Birth of massive black holes in the early universe revealed.
The Galaxy Project, open-source software construction and 3D visualization highlight this year’s first Blue Waters webinars.
Scientists' effort to map a portion of the sky in unprecedented detail is coming to an end, but their work to learn more about the expansion of the universe has just begun.
NCSA invites SC18 attendees to imagine solutions to grand challenges through access to advanced digital resources and data.
Tom Quinn, an astronomy professor at the University of Washington, leads the N-body Shop, where he works on running and analyzing simulations of structure and planet formation in the Universe, along with studying galactic and solar system dynamics.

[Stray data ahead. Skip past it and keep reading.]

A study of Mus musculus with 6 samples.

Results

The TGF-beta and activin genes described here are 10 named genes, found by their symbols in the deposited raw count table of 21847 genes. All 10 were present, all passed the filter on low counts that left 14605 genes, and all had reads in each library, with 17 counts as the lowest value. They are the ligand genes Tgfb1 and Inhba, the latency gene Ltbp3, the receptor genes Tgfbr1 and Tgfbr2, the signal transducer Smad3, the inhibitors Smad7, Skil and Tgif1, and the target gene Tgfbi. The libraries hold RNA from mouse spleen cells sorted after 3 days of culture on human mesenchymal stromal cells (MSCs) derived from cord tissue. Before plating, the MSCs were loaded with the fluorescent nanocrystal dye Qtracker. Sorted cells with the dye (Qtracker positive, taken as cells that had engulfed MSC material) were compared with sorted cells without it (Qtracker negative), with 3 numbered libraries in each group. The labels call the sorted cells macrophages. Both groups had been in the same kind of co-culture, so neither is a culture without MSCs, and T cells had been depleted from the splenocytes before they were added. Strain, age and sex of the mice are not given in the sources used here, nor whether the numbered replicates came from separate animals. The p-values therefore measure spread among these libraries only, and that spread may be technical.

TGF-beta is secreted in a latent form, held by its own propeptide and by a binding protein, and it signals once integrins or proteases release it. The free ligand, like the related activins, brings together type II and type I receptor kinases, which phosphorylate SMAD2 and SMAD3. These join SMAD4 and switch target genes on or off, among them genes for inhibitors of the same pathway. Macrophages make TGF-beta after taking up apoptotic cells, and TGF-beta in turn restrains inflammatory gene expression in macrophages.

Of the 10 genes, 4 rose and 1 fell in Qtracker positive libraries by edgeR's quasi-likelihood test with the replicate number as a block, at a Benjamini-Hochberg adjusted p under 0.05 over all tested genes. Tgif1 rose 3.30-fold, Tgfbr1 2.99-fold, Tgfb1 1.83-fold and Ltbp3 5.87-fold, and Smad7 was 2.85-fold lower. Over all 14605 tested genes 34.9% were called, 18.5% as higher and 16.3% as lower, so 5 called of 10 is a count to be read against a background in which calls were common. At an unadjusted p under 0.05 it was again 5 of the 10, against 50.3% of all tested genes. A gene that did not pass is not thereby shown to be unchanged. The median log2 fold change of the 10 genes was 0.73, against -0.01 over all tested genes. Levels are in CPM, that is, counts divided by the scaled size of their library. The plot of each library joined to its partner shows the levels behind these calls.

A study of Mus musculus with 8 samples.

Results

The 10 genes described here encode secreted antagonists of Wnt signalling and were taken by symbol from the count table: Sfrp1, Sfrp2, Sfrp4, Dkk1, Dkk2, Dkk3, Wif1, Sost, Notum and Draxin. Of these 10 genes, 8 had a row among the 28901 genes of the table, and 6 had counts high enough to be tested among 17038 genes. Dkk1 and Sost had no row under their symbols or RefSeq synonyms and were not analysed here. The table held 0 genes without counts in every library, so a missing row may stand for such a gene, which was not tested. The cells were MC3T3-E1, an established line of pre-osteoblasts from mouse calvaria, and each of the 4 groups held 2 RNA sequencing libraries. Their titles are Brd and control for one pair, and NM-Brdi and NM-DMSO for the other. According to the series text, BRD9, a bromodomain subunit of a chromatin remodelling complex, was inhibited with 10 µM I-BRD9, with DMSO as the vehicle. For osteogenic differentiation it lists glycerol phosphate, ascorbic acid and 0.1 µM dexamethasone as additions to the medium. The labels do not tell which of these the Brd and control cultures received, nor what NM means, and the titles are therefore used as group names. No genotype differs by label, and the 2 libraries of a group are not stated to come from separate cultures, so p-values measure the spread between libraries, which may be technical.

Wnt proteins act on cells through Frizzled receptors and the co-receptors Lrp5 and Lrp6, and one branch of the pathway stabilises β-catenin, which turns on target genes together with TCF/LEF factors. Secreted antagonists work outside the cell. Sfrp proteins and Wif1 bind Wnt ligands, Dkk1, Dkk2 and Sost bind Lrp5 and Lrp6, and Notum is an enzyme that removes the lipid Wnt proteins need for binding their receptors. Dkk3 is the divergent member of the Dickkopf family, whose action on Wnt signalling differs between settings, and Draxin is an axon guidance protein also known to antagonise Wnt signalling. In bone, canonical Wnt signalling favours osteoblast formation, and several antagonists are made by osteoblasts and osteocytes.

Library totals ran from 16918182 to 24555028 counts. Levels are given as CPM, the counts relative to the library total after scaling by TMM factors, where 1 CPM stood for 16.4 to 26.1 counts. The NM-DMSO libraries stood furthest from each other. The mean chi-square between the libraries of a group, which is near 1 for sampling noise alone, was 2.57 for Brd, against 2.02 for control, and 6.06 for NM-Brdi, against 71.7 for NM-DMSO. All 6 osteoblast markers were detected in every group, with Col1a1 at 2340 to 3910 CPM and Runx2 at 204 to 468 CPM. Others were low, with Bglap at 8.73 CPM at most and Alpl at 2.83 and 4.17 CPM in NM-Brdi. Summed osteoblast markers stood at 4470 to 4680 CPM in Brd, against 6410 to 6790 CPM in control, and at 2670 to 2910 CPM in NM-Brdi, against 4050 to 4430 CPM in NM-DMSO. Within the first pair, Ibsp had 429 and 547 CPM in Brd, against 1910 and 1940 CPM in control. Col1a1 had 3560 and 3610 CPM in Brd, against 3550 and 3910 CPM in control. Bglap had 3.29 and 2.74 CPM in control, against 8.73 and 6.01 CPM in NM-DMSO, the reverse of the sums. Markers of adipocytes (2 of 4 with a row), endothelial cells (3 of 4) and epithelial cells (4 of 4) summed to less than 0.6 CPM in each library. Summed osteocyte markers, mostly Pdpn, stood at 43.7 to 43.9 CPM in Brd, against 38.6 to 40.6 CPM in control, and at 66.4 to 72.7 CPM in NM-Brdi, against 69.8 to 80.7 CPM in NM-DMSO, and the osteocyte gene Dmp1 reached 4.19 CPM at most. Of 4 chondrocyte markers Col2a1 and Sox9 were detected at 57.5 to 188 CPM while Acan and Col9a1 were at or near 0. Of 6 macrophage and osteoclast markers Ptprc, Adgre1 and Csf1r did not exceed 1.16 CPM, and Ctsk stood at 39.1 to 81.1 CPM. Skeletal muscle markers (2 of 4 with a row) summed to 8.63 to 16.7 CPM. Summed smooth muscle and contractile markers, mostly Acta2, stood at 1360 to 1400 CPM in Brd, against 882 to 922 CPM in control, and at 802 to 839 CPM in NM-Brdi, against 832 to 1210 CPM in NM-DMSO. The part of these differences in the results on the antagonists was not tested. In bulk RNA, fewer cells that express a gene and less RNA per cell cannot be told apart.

Illinois faculty and researchers will have one final opportunity for allocations.
Voting is now open for the 2018 edition of HPCWire's annual Readers' Choice Awards, to be presented at SC18 in Dallas next month.
Thanks to a new simulation from NASA's Goddard Space Flight Center and the Blue Waters supercomputer at NCSA, we now have a pretty good idea what it looks like when two black holes collide.
Using the Blue Waters supercomputer, University of Illinois researchers make new discoveries on how DNA gets repaired by a molecular machine, the first simulation work to provide an atomistic-level look at what is happening in the helicase.
Using the Blue Waters supercomputer, Illinois researcher Mattia Gazzola studies the interaction between musculoskeletal systems and environments.
The REMA project relied entirely on the computational and data resources of Blue Waters to run the SETSM software they developed that automated assembly of overlapping pairs of high-resolution satellite images to create the high-resolution, high-fidelity elevation maps.